The Minister for the Department of Information Technology, Communications and the Arts, Senator Helen Coonan used her opening address at the GSI Impetus 2006 conference in Melbourne this week to launch a guide to RFID adoption for Australian business.
GS1 Australia allocates barcodes and numbering systems for e-commerce, promoting international standards for item identification, data capture and data synchronization with trading partners via the GS1 pool.
In the pre-recorded address, Coonan said in many instances Australia is at the forefront of research into RFID usage and the government committed to helping all businesses in embracing opportunities the technology offers.
"For many years we have seen the technology work in road toll tags but automated data capture using RFID systems creates huge scope. It is vital Australian businesses remain competitive here and overseas," Coonan said.
"The inventory and supply chain is leading the way and the use of RFID to track pallets and individual stock. It is a revolution every bit as significant as barcodes were in the 80s.
"Even at this early stage we have seen significant Australian RFID successes and the case studies in the guide, Getting the Most from RFID, are to help understanding and provide useful news. The starter guide is aimed mainly at the SME space and serves as an introductory guide to potential RFID benefits."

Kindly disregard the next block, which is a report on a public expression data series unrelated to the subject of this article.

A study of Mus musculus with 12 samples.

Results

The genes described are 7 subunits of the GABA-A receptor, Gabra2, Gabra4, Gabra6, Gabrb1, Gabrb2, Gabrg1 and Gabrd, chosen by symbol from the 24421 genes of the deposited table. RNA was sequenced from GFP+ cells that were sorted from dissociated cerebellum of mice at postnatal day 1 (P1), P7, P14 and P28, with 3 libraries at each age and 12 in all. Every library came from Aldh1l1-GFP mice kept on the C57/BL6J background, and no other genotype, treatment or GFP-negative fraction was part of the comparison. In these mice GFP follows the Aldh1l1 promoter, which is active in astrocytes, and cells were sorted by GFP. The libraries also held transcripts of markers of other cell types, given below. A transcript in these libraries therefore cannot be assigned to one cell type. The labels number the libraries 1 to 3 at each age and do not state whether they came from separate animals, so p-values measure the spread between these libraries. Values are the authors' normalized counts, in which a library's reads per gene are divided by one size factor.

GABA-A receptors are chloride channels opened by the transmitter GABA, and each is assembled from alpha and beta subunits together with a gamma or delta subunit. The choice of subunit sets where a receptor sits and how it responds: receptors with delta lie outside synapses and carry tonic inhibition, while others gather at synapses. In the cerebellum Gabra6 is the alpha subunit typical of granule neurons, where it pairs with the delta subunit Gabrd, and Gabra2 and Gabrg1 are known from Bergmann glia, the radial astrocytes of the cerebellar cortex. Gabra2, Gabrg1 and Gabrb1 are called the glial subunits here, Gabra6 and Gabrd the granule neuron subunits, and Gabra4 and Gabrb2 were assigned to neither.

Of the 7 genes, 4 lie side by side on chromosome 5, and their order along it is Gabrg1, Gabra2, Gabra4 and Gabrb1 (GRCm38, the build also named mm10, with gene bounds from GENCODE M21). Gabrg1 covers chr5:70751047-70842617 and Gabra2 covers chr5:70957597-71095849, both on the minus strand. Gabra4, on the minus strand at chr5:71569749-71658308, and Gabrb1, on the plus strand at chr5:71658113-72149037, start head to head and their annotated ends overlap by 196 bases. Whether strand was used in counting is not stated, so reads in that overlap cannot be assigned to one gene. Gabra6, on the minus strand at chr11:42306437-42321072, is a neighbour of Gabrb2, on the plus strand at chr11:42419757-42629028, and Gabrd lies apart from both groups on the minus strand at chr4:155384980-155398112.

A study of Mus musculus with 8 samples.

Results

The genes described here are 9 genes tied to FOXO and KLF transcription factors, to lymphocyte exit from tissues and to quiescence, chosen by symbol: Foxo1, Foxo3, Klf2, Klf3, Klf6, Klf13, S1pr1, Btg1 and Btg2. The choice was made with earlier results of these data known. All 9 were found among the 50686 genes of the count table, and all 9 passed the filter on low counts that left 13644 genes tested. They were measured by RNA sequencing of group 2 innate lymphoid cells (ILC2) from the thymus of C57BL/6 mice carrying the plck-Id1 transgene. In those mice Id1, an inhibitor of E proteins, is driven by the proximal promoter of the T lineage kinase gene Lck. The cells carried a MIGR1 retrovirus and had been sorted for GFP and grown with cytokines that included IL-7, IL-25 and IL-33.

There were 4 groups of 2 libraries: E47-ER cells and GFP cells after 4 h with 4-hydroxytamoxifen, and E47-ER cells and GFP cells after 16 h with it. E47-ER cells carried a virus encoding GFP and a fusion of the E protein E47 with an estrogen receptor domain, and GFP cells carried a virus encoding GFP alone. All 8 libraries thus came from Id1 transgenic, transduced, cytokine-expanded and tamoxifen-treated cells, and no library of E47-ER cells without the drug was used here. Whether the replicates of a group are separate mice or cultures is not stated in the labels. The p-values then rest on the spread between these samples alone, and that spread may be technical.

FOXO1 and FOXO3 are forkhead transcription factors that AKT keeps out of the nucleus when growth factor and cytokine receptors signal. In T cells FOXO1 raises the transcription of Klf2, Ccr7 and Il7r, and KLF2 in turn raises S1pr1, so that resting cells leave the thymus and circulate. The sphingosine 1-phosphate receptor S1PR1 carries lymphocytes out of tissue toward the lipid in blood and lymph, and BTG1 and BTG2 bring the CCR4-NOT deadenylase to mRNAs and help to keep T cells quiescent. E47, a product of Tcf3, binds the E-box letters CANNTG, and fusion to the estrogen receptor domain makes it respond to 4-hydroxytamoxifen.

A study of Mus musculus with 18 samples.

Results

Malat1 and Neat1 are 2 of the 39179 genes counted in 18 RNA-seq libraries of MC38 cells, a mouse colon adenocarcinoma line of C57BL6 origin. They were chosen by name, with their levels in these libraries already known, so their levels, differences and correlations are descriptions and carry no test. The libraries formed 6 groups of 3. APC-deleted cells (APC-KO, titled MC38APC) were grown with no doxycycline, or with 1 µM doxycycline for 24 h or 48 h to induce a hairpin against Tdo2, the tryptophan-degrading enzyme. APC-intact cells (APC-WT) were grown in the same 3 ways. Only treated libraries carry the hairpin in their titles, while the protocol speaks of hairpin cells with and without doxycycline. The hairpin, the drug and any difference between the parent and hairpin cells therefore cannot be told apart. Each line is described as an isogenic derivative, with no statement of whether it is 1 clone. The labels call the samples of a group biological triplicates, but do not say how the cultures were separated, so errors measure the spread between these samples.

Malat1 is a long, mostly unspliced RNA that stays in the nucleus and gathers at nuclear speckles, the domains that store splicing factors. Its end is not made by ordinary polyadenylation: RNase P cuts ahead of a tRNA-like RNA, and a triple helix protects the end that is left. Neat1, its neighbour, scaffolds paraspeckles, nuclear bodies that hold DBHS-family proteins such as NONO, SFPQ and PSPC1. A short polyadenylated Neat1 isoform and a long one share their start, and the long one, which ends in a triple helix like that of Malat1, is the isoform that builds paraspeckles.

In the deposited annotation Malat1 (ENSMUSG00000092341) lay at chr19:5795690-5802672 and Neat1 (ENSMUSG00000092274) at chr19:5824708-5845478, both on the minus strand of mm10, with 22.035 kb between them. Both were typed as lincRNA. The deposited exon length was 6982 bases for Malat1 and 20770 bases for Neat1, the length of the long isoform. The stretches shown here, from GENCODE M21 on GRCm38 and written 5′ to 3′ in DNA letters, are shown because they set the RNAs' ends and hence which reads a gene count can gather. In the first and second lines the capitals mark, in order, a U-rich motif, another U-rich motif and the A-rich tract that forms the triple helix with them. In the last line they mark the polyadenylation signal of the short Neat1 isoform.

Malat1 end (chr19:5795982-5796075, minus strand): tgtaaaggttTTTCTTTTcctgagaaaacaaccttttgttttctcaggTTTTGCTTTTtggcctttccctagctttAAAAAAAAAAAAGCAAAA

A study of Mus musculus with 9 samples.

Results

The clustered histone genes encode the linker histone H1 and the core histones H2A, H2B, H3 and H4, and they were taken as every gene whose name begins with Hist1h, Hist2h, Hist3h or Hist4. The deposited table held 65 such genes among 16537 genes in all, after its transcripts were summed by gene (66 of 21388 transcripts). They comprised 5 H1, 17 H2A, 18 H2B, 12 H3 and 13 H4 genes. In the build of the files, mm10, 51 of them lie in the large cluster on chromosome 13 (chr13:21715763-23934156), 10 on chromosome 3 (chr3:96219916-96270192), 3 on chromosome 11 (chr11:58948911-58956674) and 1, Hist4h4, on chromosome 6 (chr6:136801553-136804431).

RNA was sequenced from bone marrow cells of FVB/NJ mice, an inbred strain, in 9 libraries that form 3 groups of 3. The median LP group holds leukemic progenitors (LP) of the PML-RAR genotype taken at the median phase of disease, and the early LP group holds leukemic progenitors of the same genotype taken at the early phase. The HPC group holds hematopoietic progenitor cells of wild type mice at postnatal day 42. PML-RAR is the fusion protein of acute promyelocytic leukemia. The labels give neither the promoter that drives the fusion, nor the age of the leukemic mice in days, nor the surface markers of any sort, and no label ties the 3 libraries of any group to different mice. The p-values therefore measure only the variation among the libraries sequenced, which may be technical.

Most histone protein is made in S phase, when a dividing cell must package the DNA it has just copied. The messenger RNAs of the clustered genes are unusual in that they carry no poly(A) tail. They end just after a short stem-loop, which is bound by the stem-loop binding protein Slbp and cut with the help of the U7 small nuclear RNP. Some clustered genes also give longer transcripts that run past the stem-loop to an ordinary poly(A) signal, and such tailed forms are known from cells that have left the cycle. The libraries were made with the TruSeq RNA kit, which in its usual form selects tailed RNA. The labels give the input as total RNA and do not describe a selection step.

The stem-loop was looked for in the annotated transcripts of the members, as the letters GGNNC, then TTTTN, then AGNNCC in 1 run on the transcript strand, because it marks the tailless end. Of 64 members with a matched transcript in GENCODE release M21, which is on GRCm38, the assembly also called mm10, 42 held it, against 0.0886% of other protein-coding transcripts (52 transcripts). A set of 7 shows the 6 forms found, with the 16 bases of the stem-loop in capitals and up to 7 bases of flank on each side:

A copy of Getting the Most out of RFID is available for download from the Department of Communication, Information Technology and the Arts Web site.
Unfortunately though, it seems only a small number of global businesses are adopting the use of standards for data exchange in relation to business transactions for RFID tagged goods.
Maria Palazzolo, chief executive officer of GS1 Australia, said business is maturing in the use of standards for e-commerce transactions, but warned many do not yet have the basic data standards correct.
"There are 1500 companies in Australia and only a small percentage is taking advantage of the existing standards [for business-to-business exchange]," Palazzolo said.
"We don't have the basics right yet and I would like to think of the 1600 companies currently involved that they are doing it right, but they are not. We have much more to gain from using basic global standards.
Sally Herbert, president of the Global Data Synchronization Network, said a key part to the data interchange is both retailers and manufacturers keeping quality data sets. Herbert said data quality is the foundation to data synchronization with trading partners and cited a recent Global Commerce Initiative study of implementations worldwide.
The Global Data Synchronization Network connects the data pools of retailers and suppliers to the GS1 Global Registry.
"The study found 30 percent of current item data is incorrect, which costs between $US60 and $80 per error to fix, and to cleanse takes about 25 minutes per stock keeping unit per year," Herbert said.
"Some 60 percent of invoices were found to have errors with 40 to 45 percent of these involving deductions."